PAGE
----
With the #Lettheearthbreathe movement in full swing, how far along is crypto in catching up?
Cryptocurrency projects with the goal of reducing harmful effects on the environment have been popping up recently. However, as climate change becomes more and more severe, there are those wondering: is crypto finally ready to settle its environmental offenses?
NASA scientist Peter Kalmus was arrested last week after chaining himself in front of the JP Morgan building. He did that as part of their group’s protest opposing the bank’s decision to finance fossil fuels.
The scientist cried, asking to listen to their plea. “ We are going to lose everything,” he mentioned. “We are not joking, lying, or exaggerating.” He added.
Climate change is one of the oldest problems we are solving, yet more people still think everything is a hoax. Mass deforestation, mining, and plastic waste are known reasons for extreme weather changes. In addition, the rise of cryptocurrency also adds up to the problem. Excessive carbon footprint is one of the main contributions of cryptocurrency. However, crypto giants such as Bitcoin and Ethereum are already starting to find ways to resolve such lingering problems. But how far are they already? Is it really possible to solve such a problem?
Carbon Footprint: crypto’s greatest enemy
The most harmful effect of cryptocurrency is, indeed, its carbon footprint. Bitcoin alone produces 37 megatons of carbon footprint yearly. Processes such as Auto Compounding, for example, necessitate extremely high gas (and gas fee). As a result, it leaves a carbon footprint on the environment.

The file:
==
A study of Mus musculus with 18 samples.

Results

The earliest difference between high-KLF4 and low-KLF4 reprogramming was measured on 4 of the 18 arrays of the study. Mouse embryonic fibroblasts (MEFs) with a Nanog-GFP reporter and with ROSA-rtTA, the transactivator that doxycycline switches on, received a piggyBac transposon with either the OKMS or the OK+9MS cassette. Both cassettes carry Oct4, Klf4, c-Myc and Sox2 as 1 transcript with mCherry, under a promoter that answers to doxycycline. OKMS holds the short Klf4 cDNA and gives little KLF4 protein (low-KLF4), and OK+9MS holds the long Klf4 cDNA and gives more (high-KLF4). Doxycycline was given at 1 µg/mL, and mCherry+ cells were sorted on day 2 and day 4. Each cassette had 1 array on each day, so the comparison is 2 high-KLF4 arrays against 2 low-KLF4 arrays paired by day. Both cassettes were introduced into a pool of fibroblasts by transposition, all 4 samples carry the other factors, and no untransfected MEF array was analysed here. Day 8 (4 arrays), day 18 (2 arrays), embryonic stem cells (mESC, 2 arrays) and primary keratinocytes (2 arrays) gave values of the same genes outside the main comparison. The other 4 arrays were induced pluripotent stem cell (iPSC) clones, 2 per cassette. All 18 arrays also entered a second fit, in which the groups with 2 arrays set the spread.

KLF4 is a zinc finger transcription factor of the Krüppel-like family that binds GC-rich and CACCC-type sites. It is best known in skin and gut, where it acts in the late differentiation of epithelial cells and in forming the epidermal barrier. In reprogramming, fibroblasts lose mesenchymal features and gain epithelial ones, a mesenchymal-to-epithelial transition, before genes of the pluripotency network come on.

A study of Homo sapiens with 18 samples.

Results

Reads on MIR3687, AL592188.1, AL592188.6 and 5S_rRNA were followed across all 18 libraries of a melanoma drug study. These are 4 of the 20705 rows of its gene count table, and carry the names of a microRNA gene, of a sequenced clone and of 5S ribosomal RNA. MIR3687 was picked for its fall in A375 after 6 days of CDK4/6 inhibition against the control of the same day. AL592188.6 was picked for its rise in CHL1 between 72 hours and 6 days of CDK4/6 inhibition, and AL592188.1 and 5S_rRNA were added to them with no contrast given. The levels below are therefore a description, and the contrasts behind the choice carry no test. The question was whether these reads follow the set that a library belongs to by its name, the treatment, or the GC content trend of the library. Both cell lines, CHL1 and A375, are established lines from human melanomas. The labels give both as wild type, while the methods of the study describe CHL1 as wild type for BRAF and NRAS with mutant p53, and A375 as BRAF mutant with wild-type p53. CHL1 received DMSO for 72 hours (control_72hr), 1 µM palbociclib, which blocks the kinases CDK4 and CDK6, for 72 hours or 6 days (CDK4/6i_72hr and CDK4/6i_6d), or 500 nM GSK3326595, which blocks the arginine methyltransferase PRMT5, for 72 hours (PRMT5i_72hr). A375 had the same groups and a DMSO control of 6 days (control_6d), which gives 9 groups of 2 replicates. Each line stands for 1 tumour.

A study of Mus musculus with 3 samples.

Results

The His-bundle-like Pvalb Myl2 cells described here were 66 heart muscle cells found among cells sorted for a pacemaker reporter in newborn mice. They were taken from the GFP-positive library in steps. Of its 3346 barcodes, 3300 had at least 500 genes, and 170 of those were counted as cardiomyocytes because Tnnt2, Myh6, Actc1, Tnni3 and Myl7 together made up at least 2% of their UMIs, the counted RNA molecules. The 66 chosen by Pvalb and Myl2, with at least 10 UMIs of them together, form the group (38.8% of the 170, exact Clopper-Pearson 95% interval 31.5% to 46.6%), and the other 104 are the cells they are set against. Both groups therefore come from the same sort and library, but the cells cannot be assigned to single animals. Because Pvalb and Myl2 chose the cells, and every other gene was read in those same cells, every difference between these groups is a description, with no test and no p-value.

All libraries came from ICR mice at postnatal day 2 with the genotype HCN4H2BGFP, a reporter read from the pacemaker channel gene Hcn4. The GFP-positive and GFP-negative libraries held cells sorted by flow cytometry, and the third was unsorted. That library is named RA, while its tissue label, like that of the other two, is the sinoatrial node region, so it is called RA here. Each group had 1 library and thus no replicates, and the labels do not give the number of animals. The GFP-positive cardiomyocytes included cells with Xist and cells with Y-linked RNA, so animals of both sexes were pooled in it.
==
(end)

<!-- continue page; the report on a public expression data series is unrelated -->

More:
Crypto transactions are tracked through a public ledger comprising a global network of computers: the blockchain.
This validation, which is an energy-intensive process, is enabled by “mining,” a process in which computational puzzles are solved in order to verify transactions between users, which are then added to the blockchain.
The possible solutions
Despite this, the blockchain industry as a whole is constantly improving its services in order to reduce the carbon footprint produced by such technologies. Projects such as ETH2.0 were made as a solution to such problems. However, It is not yet clear if there is a possibility for this problem to be solved.
Due to the mass adoption, the government takes few actions to regulate cryptocurrency. For instance, the White House opens its doors for suggestions and comments on what problems exist in crypto and how they should be solved. Hopefully, after gathering every question, they will implement a solution as soon as possible.
In the meantime, while waiting for the solution to the problem, you can also contribute to the green movement by reducing your own crypto transactions. It could help. If you are not a crypto investor, deleting unnecessary emails could help the planet. These small moves, once combined, can create a macro effect on the government.
Now that everyone on social media seems to be awake to the #lettheearthbreathe movement, more people are making small steps in order to help. More people have started to delete their emails, use websites such as Ecosia that plants a tree per search, reduce the use of plastics, and more.
PrivacySwap also aims to be part of such movements. This is why we aim to ensure that everything we are doing in our ecosystem will help to reduce transactions. With our PrivacyCard, for instance, you can now cash out your cryptocurrency without doing the long process of converting your cryptocurrency from one website to another.
All of these, along with the launch of the DEX, PrivacySwap could extensively participate in a better and safer crypto space for everybody.